By Rosalind S. Helderman, John Wagner and Anu Narayanswamy August 19 at 10:43 PM
More than half of the Clinton Foundation’s major donors would be prevented from contributing to the charity under the self-imposed ban on corporate and foreign donors the foundation said this week it would adopt if Hillary Clinton won the White House, according to a new Washington Post analysis of foundation donations.
The findings underscore the extent to which the Clintons’ sprawling global charity has come to rely on financial support from industries and overseas interests, a point that has drawn criticism from Republicans and some liberals who have said the donations represent conflicts of interest for a potential president.
The analysis, which examined donor lists posted on the foundation’s website, found that 53 percent of the donors who have given $1 million or more to the charity are corporations or foreign citizens, groups or governments. The list includes the governments of Saudi Arabia and Australia, the British bank Barclay’s, and major U.S. companies such as Coca-Cola and ExxonMobil.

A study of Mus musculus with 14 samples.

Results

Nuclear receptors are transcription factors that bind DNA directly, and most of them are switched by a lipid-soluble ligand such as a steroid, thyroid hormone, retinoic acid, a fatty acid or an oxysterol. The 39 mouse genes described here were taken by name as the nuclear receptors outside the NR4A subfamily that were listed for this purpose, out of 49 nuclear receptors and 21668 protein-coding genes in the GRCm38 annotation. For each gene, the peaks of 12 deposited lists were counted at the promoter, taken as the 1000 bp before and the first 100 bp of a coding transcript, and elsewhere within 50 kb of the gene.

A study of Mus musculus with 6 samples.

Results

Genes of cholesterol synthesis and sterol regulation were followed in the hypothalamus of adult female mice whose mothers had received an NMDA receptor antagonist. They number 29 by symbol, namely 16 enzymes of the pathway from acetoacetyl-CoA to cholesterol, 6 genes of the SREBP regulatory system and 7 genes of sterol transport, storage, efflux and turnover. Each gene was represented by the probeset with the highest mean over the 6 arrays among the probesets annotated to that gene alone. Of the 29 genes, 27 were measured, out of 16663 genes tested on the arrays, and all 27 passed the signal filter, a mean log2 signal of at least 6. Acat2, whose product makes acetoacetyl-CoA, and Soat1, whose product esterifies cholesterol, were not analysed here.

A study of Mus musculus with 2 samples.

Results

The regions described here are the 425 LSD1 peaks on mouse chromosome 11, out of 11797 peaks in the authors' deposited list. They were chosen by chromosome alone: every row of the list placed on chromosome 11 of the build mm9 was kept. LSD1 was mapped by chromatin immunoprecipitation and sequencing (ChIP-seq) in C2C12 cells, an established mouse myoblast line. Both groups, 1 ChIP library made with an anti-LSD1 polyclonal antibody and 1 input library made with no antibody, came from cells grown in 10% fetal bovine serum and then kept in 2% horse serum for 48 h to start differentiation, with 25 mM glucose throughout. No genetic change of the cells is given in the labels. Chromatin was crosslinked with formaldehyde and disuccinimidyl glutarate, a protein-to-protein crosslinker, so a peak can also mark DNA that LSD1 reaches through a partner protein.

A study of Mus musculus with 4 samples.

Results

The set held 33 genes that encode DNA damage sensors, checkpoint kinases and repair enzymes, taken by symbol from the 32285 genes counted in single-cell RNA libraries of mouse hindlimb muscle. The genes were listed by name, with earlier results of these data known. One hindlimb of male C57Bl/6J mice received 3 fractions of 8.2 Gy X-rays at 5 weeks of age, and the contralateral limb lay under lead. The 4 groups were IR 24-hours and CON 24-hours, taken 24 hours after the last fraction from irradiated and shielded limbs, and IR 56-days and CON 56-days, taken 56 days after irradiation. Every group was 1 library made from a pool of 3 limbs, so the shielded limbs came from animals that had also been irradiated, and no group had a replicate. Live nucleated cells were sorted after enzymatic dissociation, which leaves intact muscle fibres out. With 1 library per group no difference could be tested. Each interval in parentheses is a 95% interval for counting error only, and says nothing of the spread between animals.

The foundation’s announcement drew skepticism Friday from the right and the left as critics wondered why the Clintons have never before cut off corporate and overseas money to their charity — and why they would wait until after the election to do so.
The restrictions would be more stringent than those put in place while Clinton was secretary of state, when the foundation was merely required to seek State Department approval to accept new donations from foreign governments — permitting the charity to accept millions of dollars from governments and wealthy interests all over the world. They would also be stricter than the policy adopted when Clinton launched her campaign that placed some limits on foreign government funding but allowed corporate and individual donations.
Nina Turner, a former Ohio state senator who was a leading surrogate for Clinton’s rival in the Democratic primary race, Sen. Bernie Sanders (Vt.), said the restrictions were a good step but should be imposed immediately.